9 Important Questions to Ask Your Doctor About Chronic Hives

Health Writer


Will they go away?

Hives are diagnosed as chronic when they last for at least six weeks. Individual outbreaks occur every day. This can go on for weeks or months. Some people continue to have outbreaks for years; others may have outbreaks for several years and then it goes away.


Are there potential complications?

One potential complication of chronic hives is angioedema. This is when there is a swelling of the deeper layers of the skin. It can affect the eyes, lips, genitals, hands and feet. There is a 40 percent incidence rate of angioedema in those with chronic spontaneous hives, according to the World Allergy Organization. It can usually be treated with antihistamines and steroids, but if the symptoms interfere with your daily life, you should contact your doctor.


What's the cause? Is it an allergy?

There is no known cause or explanation for chronic idiopathic hives. It is not an allergy or caused by any specific trigger, according to the Asthma and Allergy Foundation of America (AAFA). Many people have a hard time accepting that there are no causes and continue to look for one, using elimination diets, changing soaps and detergents, or making other lifestyle changes without finding a reason.


Do I have an underlying medical condition?

About one-half of people with chronic hives have an underlying immune condition, such as Hashomito’s disease or hypothyroidism. However, many people do not have an underlying condition or do not ever find the cause. About 1.5 million people in the United States have CIU.


What lab tests are needed and why?

Lab tests are used to rule out other medical conditions, such as rheumatologic disease, chronic infections, thyroid disease, and other hormonal disorders. Routine allergy skin tests might be done if there is a question whether allergies are causing the hives. If all possible causes are ruled out, your hives are considered idiopathic.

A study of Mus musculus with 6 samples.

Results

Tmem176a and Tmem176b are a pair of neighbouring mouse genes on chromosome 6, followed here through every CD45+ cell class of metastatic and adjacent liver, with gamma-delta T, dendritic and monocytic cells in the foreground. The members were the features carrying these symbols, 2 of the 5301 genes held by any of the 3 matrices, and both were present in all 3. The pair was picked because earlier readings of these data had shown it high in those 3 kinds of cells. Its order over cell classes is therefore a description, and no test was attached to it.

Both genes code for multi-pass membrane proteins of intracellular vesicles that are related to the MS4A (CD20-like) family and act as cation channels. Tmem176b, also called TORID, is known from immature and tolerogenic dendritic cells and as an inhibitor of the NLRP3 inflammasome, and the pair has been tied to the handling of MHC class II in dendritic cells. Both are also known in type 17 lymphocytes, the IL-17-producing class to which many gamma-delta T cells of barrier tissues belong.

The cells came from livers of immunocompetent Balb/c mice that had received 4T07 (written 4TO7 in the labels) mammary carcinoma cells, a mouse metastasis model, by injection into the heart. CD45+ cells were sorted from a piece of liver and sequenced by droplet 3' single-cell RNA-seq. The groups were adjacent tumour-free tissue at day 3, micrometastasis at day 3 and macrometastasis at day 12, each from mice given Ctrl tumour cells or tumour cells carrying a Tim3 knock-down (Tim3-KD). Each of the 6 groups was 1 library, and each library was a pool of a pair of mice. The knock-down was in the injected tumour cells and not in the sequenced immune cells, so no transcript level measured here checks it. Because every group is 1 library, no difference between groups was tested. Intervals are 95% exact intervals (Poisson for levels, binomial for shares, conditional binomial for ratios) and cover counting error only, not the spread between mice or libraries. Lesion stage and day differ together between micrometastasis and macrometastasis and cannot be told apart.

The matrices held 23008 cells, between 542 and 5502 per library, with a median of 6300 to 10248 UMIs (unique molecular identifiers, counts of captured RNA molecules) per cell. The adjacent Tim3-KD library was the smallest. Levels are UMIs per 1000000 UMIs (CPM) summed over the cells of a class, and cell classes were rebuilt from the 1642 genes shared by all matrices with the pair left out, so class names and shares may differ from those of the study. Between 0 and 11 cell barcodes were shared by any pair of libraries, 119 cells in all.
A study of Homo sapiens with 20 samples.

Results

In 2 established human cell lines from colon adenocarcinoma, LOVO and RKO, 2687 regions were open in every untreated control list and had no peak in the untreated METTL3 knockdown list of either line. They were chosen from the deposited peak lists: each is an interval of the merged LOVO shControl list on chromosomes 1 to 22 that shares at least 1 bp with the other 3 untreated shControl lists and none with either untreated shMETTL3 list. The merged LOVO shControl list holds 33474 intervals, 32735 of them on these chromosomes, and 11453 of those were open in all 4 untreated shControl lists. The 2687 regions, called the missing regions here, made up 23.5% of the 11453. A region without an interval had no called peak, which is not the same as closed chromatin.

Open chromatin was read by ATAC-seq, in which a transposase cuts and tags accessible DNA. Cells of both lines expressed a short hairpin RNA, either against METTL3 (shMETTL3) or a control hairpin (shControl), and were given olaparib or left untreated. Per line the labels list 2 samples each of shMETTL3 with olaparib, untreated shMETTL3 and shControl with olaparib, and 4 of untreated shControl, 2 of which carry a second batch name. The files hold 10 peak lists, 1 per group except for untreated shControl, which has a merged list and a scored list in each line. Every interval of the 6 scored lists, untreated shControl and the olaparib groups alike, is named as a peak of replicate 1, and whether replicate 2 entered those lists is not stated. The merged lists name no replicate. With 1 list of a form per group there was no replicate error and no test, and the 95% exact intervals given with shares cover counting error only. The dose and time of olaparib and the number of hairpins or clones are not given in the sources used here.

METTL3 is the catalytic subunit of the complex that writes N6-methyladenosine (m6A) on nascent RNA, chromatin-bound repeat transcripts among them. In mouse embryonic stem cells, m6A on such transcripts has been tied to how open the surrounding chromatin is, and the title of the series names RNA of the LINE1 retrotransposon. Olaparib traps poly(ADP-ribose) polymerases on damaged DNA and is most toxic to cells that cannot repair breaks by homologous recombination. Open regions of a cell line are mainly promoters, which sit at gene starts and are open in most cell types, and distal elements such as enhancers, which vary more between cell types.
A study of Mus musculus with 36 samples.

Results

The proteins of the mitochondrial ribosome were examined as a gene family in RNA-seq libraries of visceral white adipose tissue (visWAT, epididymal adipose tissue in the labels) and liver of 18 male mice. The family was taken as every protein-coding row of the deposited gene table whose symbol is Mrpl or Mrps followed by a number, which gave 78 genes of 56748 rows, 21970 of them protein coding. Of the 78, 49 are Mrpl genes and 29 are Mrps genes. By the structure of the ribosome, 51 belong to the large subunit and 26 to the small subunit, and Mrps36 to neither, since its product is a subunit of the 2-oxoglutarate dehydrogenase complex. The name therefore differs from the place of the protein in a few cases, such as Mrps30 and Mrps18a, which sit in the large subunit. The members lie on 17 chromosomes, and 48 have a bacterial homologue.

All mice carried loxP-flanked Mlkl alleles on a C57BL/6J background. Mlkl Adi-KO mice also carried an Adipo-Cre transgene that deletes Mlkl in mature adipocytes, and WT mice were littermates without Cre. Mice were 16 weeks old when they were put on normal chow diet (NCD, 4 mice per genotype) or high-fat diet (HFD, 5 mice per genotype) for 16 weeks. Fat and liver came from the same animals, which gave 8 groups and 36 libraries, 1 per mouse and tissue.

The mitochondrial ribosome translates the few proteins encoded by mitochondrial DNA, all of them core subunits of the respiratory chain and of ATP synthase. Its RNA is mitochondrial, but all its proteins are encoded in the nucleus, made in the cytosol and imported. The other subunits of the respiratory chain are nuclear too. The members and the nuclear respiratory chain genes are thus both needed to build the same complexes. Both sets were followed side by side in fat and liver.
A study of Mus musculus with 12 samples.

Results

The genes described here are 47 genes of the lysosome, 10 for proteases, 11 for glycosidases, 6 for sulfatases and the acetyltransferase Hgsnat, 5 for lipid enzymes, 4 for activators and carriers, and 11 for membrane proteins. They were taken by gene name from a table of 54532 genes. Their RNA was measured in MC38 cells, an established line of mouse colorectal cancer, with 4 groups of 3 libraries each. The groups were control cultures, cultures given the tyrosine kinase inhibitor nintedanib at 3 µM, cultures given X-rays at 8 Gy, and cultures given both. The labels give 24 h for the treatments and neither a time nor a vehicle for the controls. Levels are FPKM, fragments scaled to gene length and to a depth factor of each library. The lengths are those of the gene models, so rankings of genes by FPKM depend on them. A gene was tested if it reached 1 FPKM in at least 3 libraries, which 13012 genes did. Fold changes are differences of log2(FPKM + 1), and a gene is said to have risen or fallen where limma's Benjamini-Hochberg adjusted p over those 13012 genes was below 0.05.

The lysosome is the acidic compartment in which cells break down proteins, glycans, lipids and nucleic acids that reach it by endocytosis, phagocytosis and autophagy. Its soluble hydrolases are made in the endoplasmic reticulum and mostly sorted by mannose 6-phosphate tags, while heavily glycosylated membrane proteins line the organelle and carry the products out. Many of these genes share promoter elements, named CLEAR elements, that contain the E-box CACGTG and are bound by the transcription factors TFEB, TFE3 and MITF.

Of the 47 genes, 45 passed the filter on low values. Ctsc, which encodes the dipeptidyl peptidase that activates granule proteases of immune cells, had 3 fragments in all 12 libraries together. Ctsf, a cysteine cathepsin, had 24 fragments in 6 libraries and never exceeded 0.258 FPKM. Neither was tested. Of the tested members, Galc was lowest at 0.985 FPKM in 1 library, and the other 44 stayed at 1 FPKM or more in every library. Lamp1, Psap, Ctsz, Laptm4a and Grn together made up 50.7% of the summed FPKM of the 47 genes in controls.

Are they contagious?

Hives are not contagious. They cannot be passed from one person to another. For many people with chronic hives, an underlying autoimmune disorder is the cause. For others, the cause is never known. No matter what the cause, remember: hives are not contagious.


What are triggers?

One-time and chronic allergic hives often have triggers such as stress, allergies, or skin trauma. However, with chronic idiopathic hives the cause is unknown. Therefore, you won’t know any specific triggers. This is part of the frustration of living with CIU.


What are treatment options?

Treating chronic hives usually starts with over-the-counter antihistamines to help relieve itching. Prescription antihistamines can be used if over-the-counter doesn’t offer enough relief. Doctors might also prescribe steroids for short-term relief. Cyclosporin, a medication to treat psoriasis and kidney transplants, can clear the hives but it does have significant side effects if taken for a long time. The goal of treatment is usually to suppress the hives from returning.


What can I do at home to relieve the discomfort?

There are some things you can do to help relieve the discomfort of chronic hives. Wear loose, comfortable clothing to avoid irritation or pressure on your skin. Frequent baths may help reduce itching, but avoid hot water and harsh soaps. Use cool compresses to reduce itching and inflammation. Always make sure to use sunscreen when going outdoors.